Example of Medical & Clinical Laboratory Technologist Job Perform complex medical laboratory tests for diagnosis, treatment, and prevention of disease. May train or supervise staff.

Daily Life Of a Medical & Clinical Laboratory Technologist

  • Establish or monitor quality assurance programs or activities to ensure the accuracy of laboratory results.
  • Harvest cell cultures at optimum time, based on knowledge of cell cycle differences and culture conditions.
  • Develop, standardize, evaluate, or modify procedures, techniques, or tests used in the analysis of specimens or in medical laboratory experiments.
  • Select and prepare specimens and media for cell cultures, using aseptic technique and knowledge of medium components and cell requirements.
  • Conduct chemical analysis of body fluids, including blood, urine, or spinal fluid, to determine presence of normal or abnormal components.
  • Cultivate, isolate, or assist in identifying microbial organisms or perform various tests on these microorganisms.

Medical & Clinical Laboratory Technologist Required Skills

These are the skills Medical and Clinical Laboratory Technologists say are the most useful in their careers:

Critical Thinking: Using logic and reasoning to identify the strengths and weaknesses of alternative solutions, conclusions or approaches to problems.

Active Listening: Giving full attention to what other people are saying, taking time to understand the points being made, asking questions as appropriate, and not interrupting at inappropriate times.

Reading Comprehension: Understanding written sentences and paragraphs in work related documents.

Science: Using scientific rules and methods to solve problems.

Operation Monitoring: Watching gauges, dials, or other indicators to make sure a machine is working properly.

Speaking: Talking to others to convey information effectively.

Types of Medical & Clinical Laboratory Technologist Jobs

  • Histotechnologist
  • Cytotechnologist
  • Biochemistry Technologist
  • Medical Technologist (MT)
  • Blood Bank Technologist

Is There Job Demand for Medical and Clinical Laboratory Technologists?

In 2016, there was an estimated number of 171,400 jobs in the United States for Medical and Clinical Laboratory Technologist. New jobs are being produced at a rate of 11.6% which is above the national average. The Bureau of Labor Statistics predicts 19,800 new jobs for Medical and Clinical Laboratory Technologist by 2026. There will be an estimated 12,900 positions for Medical & Clinical Laboratory Technologist per year.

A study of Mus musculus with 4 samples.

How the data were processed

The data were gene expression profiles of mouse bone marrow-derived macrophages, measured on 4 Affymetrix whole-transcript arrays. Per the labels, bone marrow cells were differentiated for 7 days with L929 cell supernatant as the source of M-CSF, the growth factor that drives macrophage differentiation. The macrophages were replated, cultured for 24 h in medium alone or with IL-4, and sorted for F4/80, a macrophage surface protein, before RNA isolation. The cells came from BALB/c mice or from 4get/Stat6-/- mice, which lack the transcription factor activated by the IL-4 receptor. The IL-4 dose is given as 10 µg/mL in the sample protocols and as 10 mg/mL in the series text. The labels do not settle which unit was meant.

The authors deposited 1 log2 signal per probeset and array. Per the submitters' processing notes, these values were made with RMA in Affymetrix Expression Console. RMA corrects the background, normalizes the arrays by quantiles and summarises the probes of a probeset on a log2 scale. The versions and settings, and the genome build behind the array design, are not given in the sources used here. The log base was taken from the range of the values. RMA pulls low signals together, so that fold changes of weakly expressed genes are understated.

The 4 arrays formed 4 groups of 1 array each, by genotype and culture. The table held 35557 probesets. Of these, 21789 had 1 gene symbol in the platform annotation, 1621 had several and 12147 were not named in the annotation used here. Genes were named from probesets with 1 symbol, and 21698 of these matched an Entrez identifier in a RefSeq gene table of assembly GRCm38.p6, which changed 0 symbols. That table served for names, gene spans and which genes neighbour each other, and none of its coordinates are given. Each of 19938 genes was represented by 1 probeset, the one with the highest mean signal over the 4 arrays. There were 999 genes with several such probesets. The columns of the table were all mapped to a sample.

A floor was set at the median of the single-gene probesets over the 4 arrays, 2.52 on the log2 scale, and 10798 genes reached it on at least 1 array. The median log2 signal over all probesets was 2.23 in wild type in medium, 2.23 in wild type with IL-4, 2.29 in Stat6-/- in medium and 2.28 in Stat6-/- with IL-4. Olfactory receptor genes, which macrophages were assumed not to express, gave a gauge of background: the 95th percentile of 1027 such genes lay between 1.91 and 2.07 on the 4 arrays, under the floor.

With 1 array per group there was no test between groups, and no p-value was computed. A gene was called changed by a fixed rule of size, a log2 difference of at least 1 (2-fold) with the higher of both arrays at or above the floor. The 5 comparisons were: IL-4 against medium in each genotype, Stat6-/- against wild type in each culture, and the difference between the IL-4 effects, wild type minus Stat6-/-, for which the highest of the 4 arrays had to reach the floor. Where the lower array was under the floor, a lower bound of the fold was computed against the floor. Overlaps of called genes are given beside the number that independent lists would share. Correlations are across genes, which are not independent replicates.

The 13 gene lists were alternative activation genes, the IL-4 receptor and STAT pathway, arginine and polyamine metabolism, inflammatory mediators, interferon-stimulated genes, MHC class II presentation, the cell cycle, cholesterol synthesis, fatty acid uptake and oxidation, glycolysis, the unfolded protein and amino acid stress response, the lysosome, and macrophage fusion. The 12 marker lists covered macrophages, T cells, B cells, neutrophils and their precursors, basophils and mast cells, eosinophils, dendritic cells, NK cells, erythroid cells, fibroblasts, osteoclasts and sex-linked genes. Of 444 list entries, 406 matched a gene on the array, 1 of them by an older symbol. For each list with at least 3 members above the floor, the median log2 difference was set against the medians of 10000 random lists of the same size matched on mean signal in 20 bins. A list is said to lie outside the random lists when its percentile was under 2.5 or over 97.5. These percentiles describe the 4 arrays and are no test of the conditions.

What Tools & Technology do Medical and Clinical Laboratory Technologists Use?

Although they’re not necessarily needed for all jobs, the following technologies are used by many Medical and Clinical Laboratory Technologists:

  • Microsoft Excel
  • Microsoft Word
  • Microsoft Office
  • Microsoft PowerPoint
  • Email software
  • Word processing software
  • Microsoft Project
  • Spreadsheet software
  • Database software
  • FileMaker Pro
  • MEDITECH software
  • Medical procedure coding software
  • Electronic medical record EMR software
  • Laboratory information system LIS
  • Microscopic image capturing software
  • Quality control software
  • Medical software
  • Medical digital imaging software
  • Hematology laboratory workflow management software
  • Commercial plate reader software

Becoming a Medical & Clinical Laboratory Technologist

Education needed to be a Medical and Clinical Laboratory Technologist:



Are you already one of the many Medical and Clinical Laboratory Technologist in the United States? If you’re thinking about changing careers, these fields are worth exploring:

References:

Image Credit: Staff Sgt. Jerilyn Quintanilla via U.S. Air Force photo

More about our data sources and methodologies.